Just as most of us in the office are getting over our spring colds, stomach bugs, etc., some unsettling news has come from the Robert Wood Johnson Foundation. It turns out St. Lawrence County is one of the least healthy in the state. In fact, it’s ranked 57th out of 62 New York counties, and as county Public Health Director Dr. Susan Hathaway told Your News Now today, that’s “not a distinction we want to have.”
You can check out the specifics of RWJF’s findings in the link above (and if you’re into this stuff, they’re fascinating!), but what it basically comes down to, YNN reports, is that St. Lawrence County adults use a lot of tobacco, and have both higher rates of obesity and lower rates of physical activity than most of New York’s other counties. It’s also one of the state’s counties with highest unemployment and poverty rates — these often correlate closely with tobacco use, obesity and a lack of physical activity. Dr. Hathaway also indicates in the article that access to health care is a problem (the ratio of primary care doctors to patients is 1897:1; that’s compared with a state average of 1222:1.) She says a lack of jobs in the area for the spouses of health care providers makes it harder to attract new providers to the area.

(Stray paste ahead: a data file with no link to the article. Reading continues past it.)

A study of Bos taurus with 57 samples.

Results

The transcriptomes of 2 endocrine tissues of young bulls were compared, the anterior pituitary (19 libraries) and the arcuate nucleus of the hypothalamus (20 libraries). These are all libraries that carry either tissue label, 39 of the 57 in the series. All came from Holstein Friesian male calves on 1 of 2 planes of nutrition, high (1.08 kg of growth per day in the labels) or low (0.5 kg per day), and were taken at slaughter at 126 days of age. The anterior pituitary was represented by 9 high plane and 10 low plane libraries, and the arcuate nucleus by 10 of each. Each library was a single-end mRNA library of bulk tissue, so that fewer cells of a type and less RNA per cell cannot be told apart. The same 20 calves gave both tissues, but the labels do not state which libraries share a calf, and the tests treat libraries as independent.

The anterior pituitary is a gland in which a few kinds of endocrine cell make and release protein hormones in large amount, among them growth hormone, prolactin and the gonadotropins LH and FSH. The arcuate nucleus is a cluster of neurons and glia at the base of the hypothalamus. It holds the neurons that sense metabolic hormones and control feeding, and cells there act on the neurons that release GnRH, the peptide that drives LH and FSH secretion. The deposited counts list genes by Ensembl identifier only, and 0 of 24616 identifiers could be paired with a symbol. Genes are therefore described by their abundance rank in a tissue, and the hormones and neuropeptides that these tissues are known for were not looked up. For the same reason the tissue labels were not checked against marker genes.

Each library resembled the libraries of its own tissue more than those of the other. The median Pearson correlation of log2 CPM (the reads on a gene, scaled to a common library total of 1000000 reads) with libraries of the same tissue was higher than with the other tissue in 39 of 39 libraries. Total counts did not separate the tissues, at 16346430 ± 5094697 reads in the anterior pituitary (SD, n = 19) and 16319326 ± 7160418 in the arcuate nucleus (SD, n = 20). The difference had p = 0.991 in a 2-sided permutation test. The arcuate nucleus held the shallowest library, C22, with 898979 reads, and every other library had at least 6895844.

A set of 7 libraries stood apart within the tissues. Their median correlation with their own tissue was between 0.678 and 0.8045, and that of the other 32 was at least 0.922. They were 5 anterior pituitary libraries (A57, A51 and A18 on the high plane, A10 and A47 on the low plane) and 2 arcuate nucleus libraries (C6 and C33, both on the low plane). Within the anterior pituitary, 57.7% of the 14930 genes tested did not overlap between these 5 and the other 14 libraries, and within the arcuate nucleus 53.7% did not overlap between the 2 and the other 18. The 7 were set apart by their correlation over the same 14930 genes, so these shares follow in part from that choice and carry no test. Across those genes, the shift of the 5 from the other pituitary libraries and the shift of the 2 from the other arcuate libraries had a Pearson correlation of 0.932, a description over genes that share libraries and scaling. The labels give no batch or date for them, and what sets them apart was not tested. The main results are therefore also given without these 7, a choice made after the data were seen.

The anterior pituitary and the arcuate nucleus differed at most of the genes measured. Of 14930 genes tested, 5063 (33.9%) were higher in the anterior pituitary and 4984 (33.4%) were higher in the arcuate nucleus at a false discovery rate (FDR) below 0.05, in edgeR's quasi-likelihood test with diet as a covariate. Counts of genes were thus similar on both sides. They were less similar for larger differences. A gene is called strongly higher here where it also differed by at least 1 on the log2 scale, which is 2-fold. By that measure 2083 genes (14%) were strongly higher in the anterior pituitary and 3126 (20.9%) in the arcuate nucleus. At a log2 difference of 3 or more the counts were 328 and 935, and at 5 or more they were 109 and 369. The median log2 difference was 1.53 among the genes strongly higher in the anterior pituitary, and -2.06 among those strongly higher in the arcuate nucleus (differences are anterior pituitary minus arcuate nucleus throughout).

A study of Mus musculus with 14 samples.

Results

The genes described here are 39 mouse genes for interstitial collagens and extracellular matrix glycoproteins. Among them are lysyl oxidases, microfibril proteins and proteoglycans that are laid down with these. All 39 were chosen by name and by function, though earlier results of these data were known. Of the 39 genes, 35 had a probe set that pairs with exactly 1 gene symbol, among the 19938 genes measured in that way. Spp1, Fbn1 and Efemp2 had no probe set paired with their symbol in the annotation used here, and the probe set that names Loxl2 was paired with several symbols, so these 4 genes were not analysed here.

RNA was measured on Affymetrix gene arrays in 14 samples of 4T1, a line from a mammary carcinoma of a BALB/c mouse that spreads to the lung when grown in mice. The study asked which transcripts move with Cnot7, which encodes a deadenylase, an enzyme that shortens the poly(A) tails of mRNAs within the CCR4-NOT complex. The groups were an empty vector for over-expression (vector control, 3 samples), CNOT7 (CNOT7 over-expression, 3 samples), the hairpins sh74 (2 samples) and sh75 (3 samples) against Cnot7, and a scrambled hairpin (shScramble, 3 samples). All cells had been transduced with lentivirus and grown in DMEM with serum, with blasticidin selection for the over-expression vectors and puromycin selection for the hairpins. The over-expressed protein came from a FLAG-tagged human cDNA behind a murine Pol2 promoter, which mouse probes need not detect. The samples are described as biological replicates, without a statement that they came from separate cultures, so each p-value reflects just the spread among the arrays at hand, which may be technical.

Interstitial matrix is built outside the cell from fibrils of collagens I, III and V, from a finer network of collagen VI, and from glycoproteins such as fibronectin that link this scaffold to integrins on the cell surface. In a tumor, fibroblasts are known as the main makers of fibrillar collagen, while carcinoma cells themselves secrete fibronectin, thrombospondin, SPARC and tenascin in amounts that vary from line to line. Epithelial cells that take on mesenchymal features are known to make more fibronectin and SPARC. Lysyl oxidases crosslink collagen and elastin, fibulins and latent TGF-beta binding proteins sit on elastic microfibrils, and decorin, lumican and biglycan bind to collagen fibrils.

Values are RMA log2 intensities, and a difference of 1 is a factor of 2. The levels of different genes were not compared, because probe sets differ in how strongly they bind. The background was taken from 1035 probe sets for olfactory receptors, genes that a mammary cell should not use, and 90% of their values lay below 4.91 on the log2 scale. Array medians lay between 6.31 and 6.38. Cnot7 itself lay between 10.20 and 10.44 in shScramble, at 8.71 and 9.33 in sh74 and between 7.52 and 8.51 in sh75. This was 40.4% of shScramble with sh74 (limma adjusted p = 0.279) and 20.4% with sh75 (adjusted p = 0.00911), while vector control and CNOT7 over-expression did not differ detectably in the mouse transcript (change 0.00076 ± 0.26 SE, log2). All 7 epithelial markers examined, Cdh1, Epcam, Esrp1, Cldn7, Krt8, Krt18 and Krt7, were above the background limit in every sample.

On the upside, St. Lawrence County did do somewhat better in the clean air and water rankings, where it’s at about the fiftieth percentile.
FYI, most other northern New York counties did somewhat better in the rankings: Warren County ranked 12th; Essex, 16th; Lewis, 17th; Clinton, 26th; Jefferson, 30th; Franklin, 36th; and Herkimer, 39th.
Hamilton County, on the other hand, did slightly worse, ranking 58th. The county did rank 17th in health behaviors (that’s as opposed to 59th in St. Lawrence County), although it has an extremely high rate of “premature death.” As you may recall from our recent reporting, new census numbers also show Hamilton County’s population has dropped to below 4,800 people, 25 percent of whom are over 65. So that may have something to do with those health numbers.
We’ll have more on these numbers in the days to come. In the meantime, try to stay healthy?